The kingdom and people of Siam (London, 1857)

John Bowring was born in Exeter in 1792 to a Unitarian family.  His extraordinary gift for languages paved the way for a career in business and also brought him to the attention of the philosopher and social reformer, Jeremy Bentham (1748–1832), who acted as his patron.  Although multi-talented, Bowring was never an unqualified success at any of the tasks to which he turned his hand. He was a passionate believer in free trade, but many of his commercial missions (to France, the Netherlands, Russia and Prussia) resulted in little concrete improvement to trade relations, while others to Egypt and Syria had very negative long-term consequences for the local economies.

In 1854, Bowring was appointed a diplomat and chief superintendent of trade in the Far East and governor, commander-in-chief, and vice-admiral of Hong Kong.  In 1855 Bowring visited Siam (present-day Thailand) and negotiated a trade agreement with King Mongkut (1804–1868) which contained clauses facilitating the importation of opium into Siam.  The treaty was strongly opposed in England by Bowring’s radical friends and by Antony Ashley-Cooper, 7th Earl of Shaftesbury (1801–1885) who was the first president of the Society for the Suppression of the Opium Trade.  Bowring had modified his views on the opium trade on his arrival in the Far East, partly because of the difficulty of controlling it and because his son John was a partner in Jardine Mattheson & Co., the largest dealers in opium in the Far East and the firm acting as Bowring’s bankers.

The fatal consequences of the habitual use of this drug is a frequent subject of representation from the Siamese priests, and the Catholic and Protestant missionaries; but to prevent its introduction and its consumption would seem to be beyond the powers of legislation, and perhaps the legalization of its import is a lesser evil than to allow an unlawful and irrepressible trade to extend itself … The strong argument against the abolition of the opium farm is, that it is better that the trade should be under than beyond the control of the Government.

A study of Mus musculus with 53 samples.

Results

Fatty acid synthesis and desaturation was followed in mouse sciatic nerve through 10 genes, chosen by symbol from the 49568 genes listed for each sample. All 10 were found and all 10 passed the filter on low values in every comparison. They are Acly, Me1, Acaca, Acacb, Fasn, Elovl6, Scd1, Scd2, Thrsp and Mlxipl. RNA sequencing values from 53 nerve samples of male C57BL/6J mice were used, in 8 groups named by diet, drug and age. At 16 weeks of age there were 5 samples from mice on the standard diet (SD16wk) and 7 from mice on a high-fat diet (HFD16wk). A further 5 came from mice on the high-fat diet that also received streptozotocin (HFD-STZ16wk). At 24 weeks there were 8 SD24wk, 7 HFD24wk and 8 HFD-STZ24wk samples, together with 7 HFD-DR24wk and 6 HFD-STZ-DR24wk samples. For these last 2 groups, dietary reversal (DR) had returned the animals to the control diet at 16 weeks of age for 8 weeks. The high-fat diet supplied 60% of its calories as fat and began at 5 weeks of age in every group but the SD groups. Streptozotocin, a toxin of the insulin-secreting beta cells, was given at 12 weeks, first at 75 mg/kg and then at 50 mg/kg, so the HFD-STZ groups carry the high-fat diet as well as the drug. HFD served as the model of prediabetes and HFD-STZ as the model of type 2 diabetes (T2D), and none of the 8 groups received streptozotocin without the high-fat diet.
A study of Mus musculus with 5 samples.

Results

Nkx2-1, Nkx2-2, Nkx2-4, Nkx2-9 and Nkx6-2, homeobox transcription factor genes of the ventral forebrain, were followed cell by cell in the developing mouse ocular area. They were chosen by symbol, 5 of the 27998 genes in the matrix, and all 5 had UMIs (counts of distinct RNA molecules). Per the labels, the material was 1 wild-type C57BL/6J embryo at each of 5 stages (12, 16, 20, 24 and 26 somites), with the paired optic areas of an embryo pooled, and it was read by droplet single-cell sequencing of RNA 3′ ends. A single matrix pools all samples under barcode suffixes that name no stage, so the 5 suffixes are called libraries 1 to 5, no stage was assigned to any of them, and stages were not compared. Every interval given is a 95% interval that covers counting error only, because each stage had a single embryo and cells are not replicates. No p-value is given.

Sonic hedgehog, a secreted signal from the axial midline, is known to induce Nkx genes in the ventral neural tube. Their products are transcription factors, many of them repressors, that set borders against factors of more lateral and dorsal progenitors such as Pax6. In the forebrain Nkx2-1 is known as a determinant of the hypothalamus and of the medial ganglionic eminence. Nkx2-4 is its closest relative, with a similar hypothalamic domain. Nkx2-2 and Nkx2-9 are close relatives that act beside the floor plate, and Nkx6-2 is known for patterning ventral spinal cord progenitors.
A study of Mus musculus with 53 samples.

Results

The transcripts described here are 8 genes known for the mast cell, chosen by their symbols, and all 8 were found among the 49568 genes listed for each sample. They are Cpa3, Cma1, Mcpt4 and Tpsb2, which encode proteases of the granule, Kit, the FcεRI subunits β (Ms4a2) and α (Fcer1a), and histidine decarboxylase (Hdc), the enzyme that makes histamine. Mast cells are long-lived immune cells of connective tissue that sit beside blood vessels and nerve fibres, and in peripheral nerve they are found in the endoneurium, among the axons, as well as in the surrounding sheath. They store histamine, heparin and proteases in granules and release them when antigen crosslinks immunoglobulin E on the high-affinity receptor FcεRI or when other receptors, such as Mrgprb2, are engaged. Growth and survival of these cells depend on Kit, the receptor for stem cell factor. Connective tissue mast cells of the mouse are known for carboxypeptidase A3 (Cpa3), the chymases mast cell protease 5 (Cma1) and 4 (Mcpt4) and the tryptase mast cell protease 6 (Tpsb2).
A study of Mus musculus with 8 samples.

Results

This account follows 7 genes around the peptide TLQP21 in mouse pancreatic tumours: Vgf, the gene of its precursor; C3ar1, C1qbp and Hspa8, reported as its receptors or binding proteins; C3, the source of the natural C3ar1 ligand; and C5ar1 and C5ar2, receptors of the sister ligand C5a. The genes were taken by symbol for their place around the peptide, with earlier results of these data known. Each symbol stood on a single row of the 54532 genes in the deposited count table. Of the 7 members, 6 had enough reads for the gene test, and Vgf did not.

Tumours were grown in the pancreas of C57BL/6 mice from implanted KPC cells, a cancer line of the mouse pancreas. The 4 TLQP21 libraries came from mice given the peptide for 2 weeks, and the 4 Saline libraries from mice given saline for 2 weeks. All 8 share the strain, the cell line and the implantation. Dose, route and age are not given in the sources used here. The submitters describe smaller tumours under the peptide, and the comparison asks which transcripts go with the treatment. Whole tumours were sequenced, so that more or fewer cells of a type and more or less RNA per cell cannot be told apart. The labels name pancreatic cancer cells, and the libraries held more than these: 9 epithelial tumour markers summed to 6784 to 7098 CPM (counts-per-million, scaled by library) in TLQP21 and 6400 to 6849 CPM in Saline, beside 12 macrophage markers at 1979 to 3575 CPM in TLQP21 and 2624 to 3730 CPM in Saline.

As Governor of Hong Kong, Bowring was directly involved in the Second Opium War of 1856-1860, which he supported. In January 1857 he was involved in the Esing Bakery incident in which bread laced with arsenic was distributed to the most prominent members of Hong Kong society; he and his family were seriously ill and his wife was forced to return to Britain, dying a year later in Taunton. Bowring was heavily criticised for his conduct as diplomat in China, and his actions were part of the reason why the Prime Minister, Henry John Temple, 3rd Viscount Palmerston (1784-1865), was forced to call an election in the spring of 1857.

Bowring left Hong Kong in 1859, and although remaining active in public life, he never rose to prominence again, dying in Exeter in 1872. The kingdom and people of Siam, published in two volumes in 1857, was his most successful book, and focussed on his mission to King Mongkut.  It also included a survey of all aspects of Siamese culture, a description of the splendours of Bangkok and the royal court, and an analysis of previous diplomatic missions to Siam with appendices on Siamese history, diplomacy and trade, some translated from the Siamese.

Bowring was a president of the Devon and Exeter Institution; he is buried in Higher Cemetery, Exeter.